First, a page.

If you want to move the car, you can't expect to stay put.
Flexible thinking strategies lead to the city car of the future.
It seldom happens that an established auto brand unexpectedly takes the world by surprise. What Opel have set in motion with their new models over the past two years is nothing less than a U-turn for the brand. Or a case of "re-parking", to use the language of the Rüsselheim company's huge advertising campaign. Opel is suddenly in trend.
This is best demonstrated by the Opel ADAM. Launched by Opel as a lifestyle city car and "best connected" small car, and presented on time for the traditional brand's 150th jubilee in September 2012, this is in many ways a complete one-off, as the three-door model, based on a shortened version of the Corsa D platform, sets itself well apart from the rest of the Opel product range. Mainly because this urban runabout completely bypasses currently established standards, offering instead independent design and high levels of personalisation. Examples of this are the name plate, which is attached not to the rear end but to the C-pillar, and the roof trim which in some variants is fitted with LEDs that light up to give the passengers the impression that they are under a starry night sky. With its diversity and configurability, the small ADAM is fun. And developing this fun element for Opel was one of the greatest challenges of all for EDAG.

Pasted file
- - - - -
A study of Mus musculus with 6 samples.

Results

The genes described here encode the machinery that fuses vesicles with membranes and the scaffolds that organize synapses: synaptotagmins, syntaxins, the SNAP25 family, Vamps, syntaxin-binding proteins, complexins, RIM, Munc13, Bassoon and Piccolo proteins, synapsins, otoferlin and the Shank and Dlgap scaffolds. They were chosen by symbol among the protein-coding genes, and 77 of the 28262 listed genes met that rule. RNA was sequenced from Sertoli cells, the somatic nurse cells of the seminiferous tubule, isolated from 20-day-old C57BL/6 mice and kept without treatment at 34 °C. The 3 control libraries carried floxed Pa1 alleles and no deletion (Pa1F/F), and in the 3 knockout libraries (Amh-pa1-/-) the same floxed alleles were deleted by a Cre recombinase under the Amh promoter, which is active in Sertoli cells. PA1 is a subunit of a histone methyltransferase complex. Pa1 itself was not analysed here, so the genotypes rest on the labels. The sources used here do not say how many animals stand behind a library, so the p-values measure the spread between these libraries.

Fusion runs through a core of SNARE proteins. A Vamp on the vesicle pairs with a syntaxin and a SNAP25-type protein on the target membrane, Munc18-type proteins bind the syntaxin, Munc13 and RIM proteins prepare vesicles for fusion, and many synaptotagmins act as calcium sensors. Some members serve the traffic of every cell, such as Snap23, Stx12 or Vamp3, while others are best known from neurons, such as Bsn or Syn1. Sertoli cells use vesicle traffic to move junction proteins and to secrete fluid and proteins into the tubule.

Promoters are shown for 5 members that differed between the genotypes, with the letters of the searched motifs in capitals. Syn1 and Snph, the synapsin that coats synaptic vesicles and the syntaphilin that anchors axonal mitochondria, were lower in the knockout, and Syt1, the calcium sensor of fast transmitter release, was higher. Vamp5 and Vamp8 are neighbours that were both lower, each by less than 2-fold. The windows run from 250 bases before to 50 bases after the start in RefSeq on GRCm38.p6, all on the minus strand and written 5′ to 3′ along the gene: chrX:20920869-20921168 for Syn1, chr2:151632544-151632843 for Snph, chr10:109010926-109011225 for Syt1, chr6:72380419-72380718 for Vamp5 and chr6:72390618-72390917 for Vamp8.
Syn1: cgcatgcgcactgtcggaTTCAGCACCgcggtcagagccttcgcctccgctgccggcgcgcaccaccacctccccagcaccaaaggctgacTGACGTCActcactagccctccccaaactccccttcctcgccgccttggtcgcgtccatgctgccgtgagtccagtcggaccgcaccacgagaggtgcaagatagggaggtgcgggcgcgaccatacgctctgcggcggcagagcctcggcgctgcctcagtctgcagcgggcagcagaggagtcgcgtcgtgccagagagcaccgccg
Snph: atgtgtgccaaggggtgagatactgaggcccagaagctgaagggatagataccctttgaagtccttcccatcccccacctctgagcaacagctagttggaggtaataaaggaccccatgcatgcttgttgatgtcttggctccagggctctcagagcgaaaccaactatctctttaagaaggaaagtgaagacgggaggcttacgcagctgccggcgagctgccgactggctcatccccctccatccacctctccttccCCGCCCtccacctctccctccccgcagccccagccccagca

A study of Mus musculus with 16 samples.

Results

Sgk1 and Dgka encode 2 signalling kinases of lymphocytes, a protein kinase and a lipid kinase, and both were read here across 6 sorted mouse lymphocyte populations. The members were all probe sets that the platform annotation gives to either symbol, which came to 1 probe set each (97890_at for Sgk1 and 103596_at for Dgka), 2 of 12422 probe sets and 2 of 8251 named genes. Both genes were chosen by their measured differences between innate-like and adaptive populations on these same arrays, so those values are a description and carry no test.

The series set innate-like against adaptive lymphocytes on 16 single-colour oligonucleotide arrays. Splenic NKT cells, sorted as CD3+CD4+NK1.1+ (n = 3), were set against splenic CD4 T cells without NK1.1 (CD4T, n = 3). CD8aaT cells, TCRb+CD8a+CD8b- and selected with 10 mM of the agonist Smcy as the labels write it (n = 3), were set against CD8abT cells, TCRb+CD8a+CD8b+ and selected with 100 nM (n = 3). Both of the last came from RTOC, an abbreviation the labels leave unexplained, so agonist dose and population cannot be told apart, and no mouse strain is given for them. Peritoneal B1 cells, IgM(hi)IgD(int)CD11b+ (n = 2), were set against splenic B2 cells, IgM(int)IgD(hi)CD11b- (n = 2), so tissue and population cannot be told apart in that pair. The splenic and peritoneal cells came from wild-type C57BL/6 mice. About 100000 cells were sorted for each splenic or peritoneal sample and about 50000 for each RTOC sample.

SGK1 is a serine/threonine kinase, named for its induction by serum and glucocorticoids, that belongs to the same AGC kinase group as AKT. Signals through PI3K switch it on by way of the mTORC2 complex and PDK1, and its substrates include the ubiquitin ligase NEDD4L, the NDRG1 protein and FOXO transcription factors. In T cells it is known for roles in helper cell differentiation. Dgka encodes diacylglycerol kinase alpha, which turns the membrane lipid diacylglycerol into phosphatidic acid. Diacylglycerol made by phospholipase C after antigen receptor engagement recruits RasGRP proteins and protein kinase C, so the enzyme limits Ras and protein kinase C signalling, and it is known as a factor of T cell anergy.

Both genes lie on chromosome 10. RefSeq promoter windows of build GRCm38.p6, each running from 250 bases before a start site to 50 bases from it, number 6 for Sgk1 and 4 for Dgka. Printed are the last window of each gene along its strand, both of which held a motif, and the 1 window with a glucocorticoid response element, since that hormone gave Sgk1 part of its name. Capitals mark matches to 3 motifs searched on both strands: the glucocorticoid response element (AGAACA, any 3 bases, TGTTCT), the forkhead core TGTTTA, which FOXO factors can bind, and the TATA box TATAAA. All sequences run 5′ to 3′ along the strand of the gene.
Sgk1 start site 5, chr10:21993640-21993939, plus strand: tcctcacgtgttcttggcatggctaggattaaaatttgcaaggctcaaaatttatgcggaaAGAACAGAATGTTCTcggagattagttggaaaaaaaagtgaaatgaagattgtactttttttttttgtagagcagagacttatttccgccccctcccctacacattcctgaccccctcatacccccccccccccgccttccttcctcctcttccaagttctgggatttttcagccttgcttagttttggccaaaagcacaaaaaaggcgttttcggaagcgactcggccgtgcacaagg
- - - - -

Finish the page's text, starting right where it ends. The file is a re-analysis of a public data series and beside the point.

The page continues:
Just as the brand is currently inviting people to change their attitudes so that car enthusiasts will at long last recognise Opel's innovative strength, the EDAG engineers working on the car - called "Junior" at the time- also had to make a number of adjustments in order to get the vehicle onto the road. In a development period of 35 months, their task was to develop for Opel a vehicle that would allow complete and individual configuration: not just the exterior colour but also the interior. This gave rise to a few surprised faces in Fulda. In the end, the interdisciplinary EDAG team cooperated with the Rüsselsheim-based auto manufacturer to develop the body, doors, windows, brake system, tank system, centre console and instrument panel in a surprisingly short space of time - not just for all the currently available models, which include the basic version, Jam (youthful trim level), Glam (more elegant) and Slam (for the sporty taste), but also for the special ADAM highlight: almost every detail in all four variants can be individually configured. From the front grille to the wing mirrors: the driver can, in effect, design his or her own Adam.
In many ways, the ADAM sets and caters for trends; not only when it comes to the social need for individuality, but also with regard to the work of a modern engineering service provider. It would seem that ready-made drafts have become a thing of the past: nowadays, development must be able to meet market requirements and respond to the needs of the individual. This in turn calls for great flexibility in both craftsmanship and the way people think. The problem is that standard development concepts are often too static to serve these needs. New approaches are required, also when it comes to the creation of development teams and implementation periods. With the work carried out on the Opel ADAM, EDAG proved that the staff at the Fulda branch are more than able to respond to these demands with high quality solutions. Not only because we have always been independent, and therefore more flexible, but also because EDAG engineers, though focusing on the car, never lose sight of the individual and his or her needs.